Life cycle of tools in Japanese culture
Understanding the value and appreciation of tools in everyday life through art
I am a British visual artist with a multi-disciplinary practice which casts me as a maker of objects, tools and publicly sited interventions. Since 2009, my Acts of Care projects have become a continuously growing, single body of work with iterations created around the world. I consider these projects to be the anchor of my practice – bringing me home, using my hands, to the very centre of myself. In them I consider what it means to make something by hand that takes 'care' as its core, to not only 'make the thing' but to also 'make the tools to make the thing', to spend months or years immersed in the techniques, the materials and the stories of a place.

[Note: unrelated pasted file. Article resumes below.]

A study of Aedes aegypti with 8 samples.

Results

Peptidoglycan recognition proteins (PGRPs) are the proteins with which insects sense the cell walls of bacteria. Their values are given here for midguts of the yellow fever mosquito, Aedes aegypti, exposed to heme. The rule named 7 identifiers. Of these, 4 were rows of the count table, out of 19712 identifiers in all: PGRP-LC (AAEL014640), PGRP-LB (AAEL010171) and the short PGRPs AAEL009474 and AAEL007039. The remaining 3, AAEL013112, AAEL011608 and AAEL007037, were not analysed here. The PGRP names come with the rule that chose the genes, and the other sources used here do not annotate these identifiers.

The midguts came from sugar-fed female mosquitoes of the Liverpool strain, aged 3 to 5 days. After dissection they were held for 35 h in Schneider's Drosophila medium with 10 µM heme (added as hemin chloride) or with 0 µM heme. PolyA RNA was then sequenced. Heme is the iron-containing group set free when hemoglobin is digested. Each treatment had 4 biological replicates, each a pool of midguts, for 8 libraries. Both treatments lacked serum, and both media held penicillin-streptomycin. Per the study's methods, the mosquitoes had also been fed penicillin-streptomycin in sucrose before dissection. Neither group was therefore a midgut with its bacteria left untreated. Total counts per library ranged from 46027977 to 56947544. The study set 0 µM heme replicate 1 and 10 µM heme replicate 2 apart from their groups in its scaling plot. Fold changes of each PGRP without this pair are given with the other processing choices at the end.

There are a number of craft traditions in my work including fine metalwork, tool making, ropework and wood inlay, however, metal provides my primary focus and home. My training in this medium over the last 20 years and more stems from apprenticeship to Masters Degree at the Royal College of Art.
In 2019 I travelled throughout Japan as a Churchill Fellow, researching The Lifecycle of Tools in Japanese Culture. I spent time meeting and working alongside various metalsmiths, artisans, academics and curators looking at all stages of tool making and use.
All Reports are copyright © the author. The moral right of the author has been asserted. The views and opinions expressed by any Fellow are those of the Fellow and not of the Churchill Fellowship or its partners, which have no responsibility or liability for any part of them.